Netflix actually did it.
Thanks to Pete Davidson and Saturday Night Live, the streamer has added an official “short-ass movies” category.
Davidson’s latest SNL song was an ode to a very specific type of film. “These days when I sit down to watch a movie, I can find just about anything in the world,” he sings, flopping down on a couch and scooping up a remote to browse through a fake version of Netflix. “But night after night there’s only one kind of movie I’m always looking for, and that’s a short-ass movie.”
After SNL dropped the song on Twitter this past Saturday, Netflix quote-retweeted it with a simple response: “good idea.”
— Netflix Is A Joke (@NetflixIsAJoke) April 4, 2022
It debuted the category Monday, and told The Verge any subscriber should be able to search for it across their phones, tablets, computers, and connected TVs.
This writer’s based in Canada, where the category offers 33 short-ass movies. Titles include Happy Gilmore (clocking in at one hour, 31 minutes), Rambo: First Blood (one hour 33 minutes), The Spy Next Door (one hour 34 minutes), the 2002 live-action Scooby-Doo movie (one hour 26 minutes), Space Jam (one hour 27 minutes), Scary Movie (one hour 28 minutes), and The Mummy (which is by far the longest at two hours and four minutes, but since it’s achieved a level of iconic few films ever will, we’ll let it slide).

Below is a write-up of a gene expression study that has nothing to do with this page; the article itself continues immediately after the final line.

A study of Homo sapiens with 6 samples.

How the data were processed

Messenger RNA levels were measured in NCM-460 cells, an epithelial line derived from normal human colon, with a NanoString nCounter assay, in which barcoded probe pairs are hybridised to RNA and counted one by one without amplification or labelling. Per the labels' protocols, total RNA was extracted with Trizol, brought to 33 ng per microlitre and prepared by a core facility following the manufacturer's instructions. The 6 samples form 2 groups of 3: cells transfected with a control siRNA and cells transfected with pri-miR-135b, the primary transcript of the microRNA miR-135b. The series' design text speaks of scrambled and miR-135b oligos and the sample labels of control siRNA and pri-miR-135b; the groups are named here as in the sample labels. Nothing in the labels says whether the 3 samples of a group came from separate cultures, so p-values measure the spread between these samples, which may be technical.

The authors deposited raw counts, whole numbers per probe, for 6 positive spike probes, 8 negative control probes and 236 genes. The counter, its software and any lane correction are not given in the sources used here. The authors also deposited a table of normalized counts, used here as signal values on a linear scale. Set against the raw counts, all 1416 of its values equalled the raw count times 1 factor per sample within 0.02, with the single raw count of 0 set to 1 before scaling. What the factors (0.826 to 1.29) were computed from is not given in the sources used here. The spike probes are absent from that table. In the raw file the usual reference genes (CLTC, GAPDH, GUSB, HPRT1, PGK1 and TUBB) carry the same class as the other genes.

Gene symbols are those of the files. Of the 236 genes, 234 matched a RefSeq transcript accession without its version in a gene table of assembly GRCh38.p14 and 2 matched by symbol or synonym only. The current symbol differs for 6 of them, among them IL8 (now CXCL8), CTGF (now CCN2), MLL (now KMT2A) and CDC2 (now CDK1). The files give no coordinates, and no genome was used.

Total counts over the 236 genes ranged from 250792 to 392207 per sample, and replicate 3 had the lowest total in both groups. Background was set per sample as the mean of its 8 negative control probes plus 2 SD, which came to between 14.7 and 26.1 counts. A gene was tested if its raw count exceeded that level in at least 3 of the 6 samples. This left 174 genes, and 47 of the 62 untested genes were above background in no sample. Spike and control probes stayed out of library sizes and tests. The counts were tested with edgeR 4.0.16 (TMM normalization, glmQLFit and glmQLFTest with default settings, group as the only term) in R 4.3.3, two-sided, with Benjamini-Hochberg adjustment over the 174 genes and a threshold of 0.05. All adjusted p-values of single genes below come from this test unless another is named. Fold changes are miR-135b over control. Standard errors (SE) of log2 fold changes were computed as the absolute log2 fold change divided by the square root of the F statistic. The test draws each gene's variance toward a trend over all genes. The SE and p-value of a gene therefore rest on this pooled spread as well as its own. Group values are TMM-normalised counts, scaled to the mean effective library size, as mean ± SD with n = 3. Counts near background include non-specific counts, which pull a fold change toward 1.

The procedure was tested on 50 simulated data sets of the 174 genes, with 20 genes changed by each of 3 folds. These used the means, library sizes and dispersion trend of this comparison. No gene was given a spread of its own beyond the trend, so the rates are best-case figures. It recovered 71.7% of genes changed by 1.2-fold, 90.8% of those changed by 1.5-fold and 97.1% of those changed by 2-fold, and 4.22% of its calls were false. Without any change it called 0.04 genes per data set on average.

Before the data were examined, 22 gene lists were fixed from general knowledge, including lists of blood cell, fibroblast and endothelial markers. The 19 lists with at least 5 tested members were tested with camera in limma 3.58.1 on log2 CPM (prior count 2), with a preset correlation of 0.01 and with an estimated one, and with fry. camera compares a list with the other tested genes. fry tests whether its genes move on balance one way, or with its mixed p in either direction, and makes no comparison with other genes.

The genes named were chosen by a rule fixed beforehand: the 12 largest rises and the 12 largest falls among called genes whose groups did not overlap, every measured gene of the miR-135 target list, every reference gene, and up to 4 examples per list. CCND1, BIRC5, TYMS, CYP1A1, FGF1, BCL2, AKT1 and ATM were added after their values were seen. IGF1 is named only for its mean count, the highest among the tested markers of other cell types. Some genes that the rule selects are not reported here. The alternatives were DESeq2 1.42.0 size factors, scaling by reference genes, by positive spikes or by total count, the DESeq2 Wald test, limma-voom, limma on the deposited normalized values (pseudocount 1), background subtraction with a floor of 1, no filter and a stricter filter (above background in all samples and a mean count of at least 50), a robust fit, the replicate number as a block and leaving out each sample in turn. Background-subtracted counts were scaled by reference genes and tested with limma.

U.S. subscribers seeking a quick flick will find titles like Zoolander, Death at a Funeral, Monty Python and the Holy Grail, and Midnight in Paris, per The Verge.
The category doesn’t seem to tag in all movies that are under an hour and 40 minutes (for example, the undying Ryan Reynolds classic R.I.P.D. is an hour 35 minutes and isn’t included). But in a world where seemingly every new movie has to be at least two and a half hours, it is there for us.